Protect Your Dream Home: Essential Legal Steps to Avoid Mechanics Liens During Construction Projects


Your Dream home may be one construction project away from becoming a reality. However, if you are not properly protected in the construction contract, you could be left vulnerable. To protect yourself and your property during any construction project, it is in your interest to have an attorney review, negotiate to add in or take out provisions and even draft your construction contract agreement to avoid payment conflicts and prevent Mechanics liens.

Mechanics' liens are legal documents or claims for unpaid construction work. Anyone who provides labor or materials to property improvements can file a mechanics lien if they are not paid after construction has been completed. When a contractor files a mechanics lien, they gain a security interest in the home or property, which creates a cloud on title and appears in public property records. This means anyone who buys your house would take the property subject to the contractor’s lien, or more likely, they would require you pay the lien off first. Further, banks and lenders are ordinarily unwilling to refinance homes or lend against properties that are burdened by liens.

Construction projects often require significant costs up front while property owners pay for the work after it is complete, so the people who end up providing labor and materials spend a lot of time, money and effort before they even get paid. Liens give leverage to the general contractors, subcontractors, suppliers, and laborers who provide work and materials for an improvement of a property and can place a claim on the property if they do not get paid for their contribution, and even force the property into foreclosure.

It can also be difficult for the owner of the property to identify everyone on the project to ensure they get paid. A subcontractor or a sub-subcontractor may not know who the property owner is on a project and if their hiring party does not pay their invoices these sub-tier parties have the right to place a lien on the real-estate to get the owner involved.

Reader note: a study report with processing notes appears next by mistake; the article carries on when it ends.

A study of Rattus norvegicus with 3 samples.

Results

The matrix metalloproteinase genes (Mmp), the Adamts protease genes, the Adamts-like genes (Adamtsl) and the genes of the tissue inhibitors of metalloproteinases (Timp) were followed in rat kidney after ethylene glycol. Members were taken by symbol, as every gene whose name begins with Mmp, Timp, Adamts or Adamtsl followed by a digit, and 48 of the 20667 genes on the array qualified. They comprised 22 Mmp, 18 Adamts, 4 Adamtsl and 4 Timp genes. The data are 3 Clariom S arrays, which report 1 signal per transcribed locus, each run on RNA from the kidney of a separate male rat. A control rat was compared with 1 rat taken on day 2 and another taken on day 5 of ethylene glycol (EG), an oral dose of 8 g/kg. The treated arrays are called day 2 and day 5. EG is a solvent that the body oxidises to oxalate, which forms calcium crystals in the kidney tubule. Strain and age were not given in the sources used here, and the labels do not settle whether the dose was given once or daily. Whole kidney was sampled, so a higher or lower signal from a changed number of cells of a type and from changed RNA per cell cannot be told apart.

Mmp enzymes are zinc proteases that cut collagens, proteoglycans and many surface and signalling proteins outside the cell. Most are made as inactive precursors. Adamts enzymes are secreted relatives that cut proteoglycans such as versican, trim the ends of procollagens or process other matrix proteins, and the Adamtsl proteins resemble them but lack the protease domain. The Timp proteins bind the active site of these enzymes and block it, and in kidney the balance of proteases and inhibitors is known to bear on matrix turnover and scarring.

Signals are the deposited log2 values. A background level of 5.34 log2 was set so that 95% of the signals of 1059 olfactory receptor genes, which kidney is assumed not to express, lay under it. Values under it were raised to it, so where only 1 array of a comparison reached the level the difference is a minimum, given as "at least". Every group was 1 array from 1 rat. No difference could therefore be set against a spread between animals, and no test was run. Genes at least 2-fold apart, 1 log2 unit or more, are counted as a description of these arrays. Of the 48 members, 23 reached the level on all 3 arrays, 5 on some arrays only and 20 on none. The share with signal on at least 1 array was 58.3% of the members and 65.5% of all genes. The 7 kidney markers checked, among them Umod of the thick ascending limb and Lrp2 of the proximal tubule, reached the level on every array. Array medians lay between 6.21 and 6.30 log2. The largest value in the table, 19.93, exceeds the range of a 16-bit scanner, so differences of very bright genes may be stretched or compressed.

Mechanic’s Liens are a process rather than a standalone document, so as a property owner it is beneficial for you to know the initial steps contractors must take to file a claim so you can recognize these steps and documents.

Preliminary Notice- Preliminary Notice is a document sent at the beginning of a construction project that tells the general contractor, property owner and lenders the job has been assigned. Notices help promote project transparency and improves communication by giving all parties visibility of every subcontractor and supplier on the job, thus getting companies paid more often and more quickly.

Notice of Intent (NOI)- the NOI is a document that notifies the general contractor, property owner and others that a mechanics lien will be filed if payments are not made. NOIs are effective at encouraging payment without the need to file a lien. While not formally required to be filed in the state of California, a properly delivered NOI to lien notifies key project stakeholders of a payment problem they may not otherwise know exists and gives all parties an opportunity to resolve the problem before a more adversarial lien claim is filed.

Notice of Completion-In California, when work is done on a project the contractor is to file a notice of completion and record it with the county. An inspector from the city then goes to the property and does a survey of the work and if approved give the owner a Certificate of Occupancy and the property owner then has 30 days to make final payments to contractors, material suppliers and/ or the laborers. If the home owner does not pay within those 30 days, the contractor has 60 days to file the mechanic lien. If you are presented with a mechanics lien you now know to check with the city that a notice of completion was filed and recorded first.

File a Mechanics Lien– Filing a mechanics lien requires the contractor to fill out a lien claim form with the accurate details of the property, the project, work performed, and amount owed. The form is generally filed with the county recorders office where the project is located. Remember, unpaid contractors must follow the steps to file a mechanics lien carefully, or they risk losing their right to make the claim.

The best ways for you as the home-owner to save time, money and worry on your home improvement project and avoid mechanics liens are to be smart and thorough. Consult an attorney to review the agreement before signing a construction contract. Keep track of the paper work and make sure you receive Preliminary Notice, Notice of Intent (NOI), Notice of Completion recorded with the county. And finally, keep track of the deadlines. When you receive your Notice of Occupancy, be sure to pay the final balances owed with in the 30 days of receipt. If any disputes regarding payment do arise, you’ll be glad you had already retained an attorney at the beginning of the project.